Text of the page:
Amazon and Blue Origin founder Jeff Bezos donated $200 million on Wednesday to the Smithsonian National Air and Space Museum in order to launch a new educational center.
The Washington, D.C., museum revealed that $130 million will go toward the Bezos Learning Center and $70 million of the donation will be used for renovation projects.
“The center will connect to all Smithsonian museums, coordinating STEAM-related (science, technology, engineering, arts and mathematics) collections and experts across the institution and promoting inquiry-based learning in visitors of all ages, with a focus on under-resourced communities,” the Smithsonian said.
“The Smithsonian plays a vital role in igniting the imaginations of our future builders and dreamers,” Bezos said. “Every child is born with great potential, and it’s inspiration that unlocks that potential. My love affair with science, invention, and space did that for me and I hope this gift does that for others.”
Last month, Bezos disclosed that he will be traveling on Blue Origin’s first passenger space flight on July 20. He will be accompanied by his brother Mark Bezos, 82-year-old female aviator Wally Funk and a fourth passenger. The name of the fourth passenger is not revealed yet and reportedly, this passenger paid more than $29 million for a seat.
“Since its inception, the Smithsonian has benefited from both federal funding and the generosity of visionary donors,” said Smithsonian Secretary Lonnie Bunch. “Almost 175 years ago, Mr. Smithson’s inaugural gift laid the groundwork for this innovative approach, bringing together private philanthropy and public funding. Today, as we emerge from a pivotal moment in history, Jeff’s donation builds on that original tradition and will help us reimagine and transform the Smithsonian. This historic gift will help the Smithsonian achieve its goal of reaching every classroom in America by creating a world-class learning center with access and inspiration at its heart. We are grateful to Jeff for his generosity and for his passion and commitment to education, innovation and technology. This donation will fuel our nation’s future leaders and innovators.”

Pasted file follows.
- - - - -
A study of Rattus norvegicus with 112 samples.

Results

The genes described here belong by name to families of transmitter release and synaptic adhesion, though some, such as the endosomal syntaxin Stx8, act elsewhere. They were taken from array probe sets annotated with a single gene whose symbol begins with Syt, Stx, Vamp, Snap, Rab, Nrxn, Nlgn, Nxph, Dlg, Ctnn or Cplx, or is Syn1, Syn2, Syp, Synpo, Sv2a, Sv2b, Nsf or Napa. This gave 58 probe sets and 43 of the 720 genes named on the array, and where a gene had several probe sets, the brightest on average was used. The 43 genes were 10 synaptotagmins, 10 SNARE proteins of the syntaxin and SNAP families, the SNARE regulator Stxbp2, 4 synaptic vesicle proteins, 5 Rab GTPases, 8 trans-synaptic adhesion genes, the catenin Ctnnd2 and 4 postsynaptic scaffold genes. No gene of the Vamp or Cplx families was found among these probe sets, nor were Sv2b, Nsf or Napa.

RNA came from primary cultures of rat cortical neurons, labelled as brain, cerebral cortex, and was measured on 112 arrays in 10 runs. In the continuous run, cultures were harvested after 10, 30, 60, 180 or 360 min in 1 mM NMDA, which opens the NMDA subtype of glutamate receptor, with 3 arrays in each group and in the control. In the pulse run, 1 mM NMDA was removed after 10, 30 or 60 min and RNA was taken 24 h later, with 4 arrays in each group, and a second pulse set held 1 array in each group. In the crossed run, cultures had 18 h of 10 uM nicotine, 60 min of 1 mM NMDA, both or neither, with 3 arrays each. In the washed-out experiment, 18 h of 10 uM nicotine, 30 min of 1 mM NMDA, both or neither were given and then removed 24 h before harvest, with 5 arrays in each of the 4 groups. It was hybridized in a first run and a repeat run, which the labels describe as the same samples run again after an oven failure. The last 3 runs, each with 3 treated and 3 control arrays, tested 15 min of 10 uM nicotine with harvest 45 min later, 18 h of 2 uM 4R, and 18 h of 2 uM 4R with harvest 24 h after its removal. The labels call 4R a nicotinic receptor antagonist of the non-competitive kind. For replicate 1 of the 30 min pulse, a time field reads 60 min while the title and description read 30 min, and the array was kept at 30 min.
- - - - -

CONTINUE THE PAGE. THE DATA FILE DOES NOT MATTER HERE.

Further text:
“At this moment, the first human to set foot on Mars might be in elementary school,” said Ellen Stofan, the Smithsonian’s Under Secretary for Science and Research and former director of the National Air and Space Museum. “As the largest and most visited aerospace museum in the world, the museum wants to spark that passion and enrich the imagination and ingenuity of every student who visits the Smithsonian. For many years, Jeff has been an avid supporter of the Smithsonian and the museum’s mission to ‘ignite tomorrow.’ With this gift, we will be able to continue our transformation and further expand the National Air and Space Museum’s ability to reveal the possibilities of space exploration.”
For more updates, keep watching this space.